Monday, May 7, 2007

Put An End To The End Run

It has come to light that an item slipped into the proposed 2007-'09 state budget by a legislative committee will allow Wisconsin utilities to substitute purchased Canadian hydroelectric power for locally-generated wind power.

That change will, if adopted, undo extensive efforts by a diverse citizens panel which produced the wind power requirement to help the environment and also get Wisconsin launched into the business of locally-produced alternative power.

This is not the first time that environmentalists could say that their issues and goals were targeted by an end run power play called by politicos and others who can use their insider positions to tweak the process and maneuver around citizen input offered in good faith and the full glare of policy-making sunshine.

Three years ago, the Southeastern Wisconsin Regional Planning Commission was about a quarter of a million dollars shy of the million bucks it needed to embark on a water supply study first requested by Waukesha County.

The missing quarter of a million dollars had been sought by SEWRPC from Milwaukee County. But the cash-starved Milwaukee County Board was unwilling or unlikely to pony up the money, especially because SEWRPC had earlier recommended a freeway expansion plan within Milwaukee over the objections of the County Board, many county residents and the Milwaukee Common Council.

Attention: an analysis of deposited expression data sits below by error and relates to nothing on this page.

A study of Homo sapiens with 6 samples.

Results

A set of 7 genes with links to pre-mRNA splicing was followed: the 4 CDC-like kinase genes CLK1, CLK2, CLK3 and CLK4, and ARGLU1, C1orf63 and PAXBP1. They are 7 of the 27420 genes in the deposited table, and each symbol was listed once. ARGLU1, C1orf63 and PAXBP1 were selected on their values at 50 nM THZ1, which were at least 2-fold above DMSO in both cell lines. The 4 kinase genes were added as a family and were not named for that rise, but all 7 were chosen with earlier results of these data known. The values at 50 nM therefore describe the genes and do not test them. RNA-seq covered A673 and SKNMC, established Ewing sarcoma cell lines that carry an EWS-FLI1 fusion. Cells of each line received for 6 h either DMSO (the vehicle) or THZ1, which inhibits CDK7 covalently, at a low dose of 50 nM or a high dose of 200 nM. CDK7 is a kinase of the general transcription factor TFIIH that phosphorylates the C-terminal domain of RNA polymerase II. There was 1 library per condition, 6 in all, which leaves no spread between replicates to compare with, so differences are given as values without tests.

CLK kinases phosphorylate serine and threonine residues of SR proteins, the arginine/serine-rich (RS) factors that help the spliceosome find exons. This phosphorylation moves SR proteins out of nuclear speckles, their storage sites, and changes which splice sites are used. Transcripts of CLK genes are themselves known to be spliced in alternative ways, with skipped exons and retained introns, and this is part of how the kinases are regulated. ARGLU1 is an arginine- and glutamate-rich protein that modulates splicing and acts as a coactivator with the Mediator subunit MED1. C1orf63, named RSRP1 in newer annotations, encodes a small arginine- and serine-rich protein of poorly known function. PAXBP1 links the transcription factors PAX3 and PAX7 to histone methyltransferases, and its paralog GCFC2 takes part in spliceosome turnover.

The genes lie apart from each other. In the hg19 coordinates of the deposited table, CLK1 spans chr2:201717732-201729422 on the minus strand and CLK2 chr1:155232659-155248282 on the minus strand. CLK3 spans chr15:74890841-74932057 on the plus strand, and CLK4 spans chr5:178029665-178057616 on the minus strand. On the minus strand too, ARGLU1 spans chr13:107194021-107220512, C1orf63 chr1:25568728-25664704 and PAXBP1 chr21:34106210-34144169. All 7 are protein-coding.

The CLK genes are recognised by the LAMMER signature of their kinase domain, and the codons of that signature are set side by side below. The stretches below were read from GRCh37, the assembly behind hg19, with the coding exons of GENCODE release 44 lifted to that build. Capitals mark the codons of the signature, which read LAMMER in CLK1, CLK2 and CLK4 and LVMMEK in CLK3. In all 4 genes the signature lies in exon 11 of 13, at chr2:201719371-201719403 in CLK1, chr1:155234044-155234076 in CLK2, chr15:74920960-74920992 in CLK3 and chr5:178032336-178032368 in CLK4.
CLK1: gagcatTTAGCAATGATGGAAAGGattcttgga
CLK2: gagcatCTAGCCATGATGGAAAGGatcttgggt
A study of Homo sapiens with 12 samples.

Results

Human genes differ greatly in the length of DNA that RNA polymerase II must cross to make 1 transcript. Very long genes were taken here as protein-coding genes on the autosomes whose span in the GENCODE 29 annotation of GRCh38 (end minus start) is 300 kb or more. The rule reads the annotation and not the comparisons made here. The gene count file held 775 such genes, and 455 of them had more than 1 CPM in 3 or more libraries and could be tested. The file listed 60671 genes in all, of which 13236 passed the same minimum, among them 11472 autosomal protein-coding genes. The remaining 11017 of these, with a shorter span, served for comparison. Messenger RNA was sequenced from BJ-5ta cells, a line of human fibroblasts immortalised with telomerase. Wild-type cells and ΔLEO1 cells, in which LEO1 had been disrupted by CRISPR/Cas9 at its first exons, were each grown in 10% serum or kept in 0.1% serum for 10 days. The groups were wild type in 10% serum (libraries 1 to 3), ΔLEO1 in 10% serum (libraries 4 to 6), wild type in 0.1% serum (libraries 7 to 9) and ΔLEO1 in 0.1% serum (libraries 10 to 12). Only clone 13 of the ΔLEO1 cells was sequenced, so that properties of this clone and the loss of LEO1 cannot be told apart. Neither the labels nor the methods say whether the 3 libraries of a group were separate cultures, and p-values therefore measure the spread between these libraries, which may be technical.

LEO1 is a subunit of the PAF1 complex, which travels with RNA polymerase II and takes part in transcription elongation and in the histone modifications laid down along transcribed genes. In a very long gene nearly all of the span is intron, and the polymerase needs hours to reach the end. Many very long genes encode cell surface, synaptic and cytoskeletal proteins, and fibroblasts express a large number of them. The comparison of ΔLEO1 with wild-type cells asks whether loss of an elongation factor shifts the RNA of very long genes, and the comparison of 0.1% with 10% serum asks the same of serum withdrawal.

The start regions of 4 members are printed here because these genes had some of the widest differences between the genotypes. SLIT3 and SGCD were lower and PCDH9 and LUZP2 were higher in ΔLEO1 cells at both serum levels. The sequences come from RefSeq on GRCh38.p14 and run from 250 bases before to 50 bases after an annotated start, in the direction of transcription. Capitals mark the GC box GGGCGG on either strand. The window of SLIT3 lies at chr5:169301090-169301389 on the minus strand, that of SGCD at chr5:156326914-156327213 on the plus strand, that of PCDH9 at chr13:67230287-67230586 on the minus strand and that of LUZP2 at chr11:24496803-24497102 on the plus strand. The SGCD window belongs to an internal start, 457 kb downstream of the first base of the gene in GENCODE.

But the chairman of the water study planning committee also served as the chairman of a second, even-more obscure committee that oversaw some County mapping functions, and this mapping committee had a substantial treasury - - created from mere $4 fees collected routinely and virtually invisibly from county residents and businesses when they sold properties.

With little fanfare, the obscure committee voted to send SEWRPC the money it needed to initiate the project - - a maneuver denounced by Milwaukee Mayor Tom Barrett who rightly saw it as an end run around the wishes of the city.

None the less, the study got underway, and will be completed in late 2007 or 2008.

It is expected to recommend diversions of Lake Michigan water beyond Milwaukee and Milwaukee County to Waukesha County - - diversions of water that are likely to help economic development and jobs also flow westward across the subcontinental divide into Waukesha County.

The irony is not lost on Milwaukee officials and others who know that the study's crucial financing came involuntarily from Milwaukee County property owners with virtually no citizen input or awareness.

And here's another interesting connection to the end run that financed the regional water study.

As the water study moved forward, and was often described as a working model of regional cooperation, and with the Waukesha Water Utility's general manager among the water study's committee members - - lawyers working on contract for the Waukesha Water Utility twice confidentially approached Gov. Jim Doyle in 2006, in writing, to obtain special Lake Michigan diversion permissions.

These requests were not disclosed to the SEWRPC committee as it debated the ins and outs of a comprehensive regional water supply policy, and only came to light through a freelance writer's Open Records request.

Gov. Doyle did not approve the Waukesha requests. So that was an end run that failed, but it showed that Waukesha was willing to call the end run play, just as SEWRPC did to get its water supply study funded and Wisconsin Public Service Corp. successfully did to win favorable treatment on alternative power generation at the Joint Finance Committee in Madison.

Each time the end run play is called - - regardless of the outcome - - the power differential separating special interests and citizens' interests is highlighted, and open government - - by and for the people - - is the loser.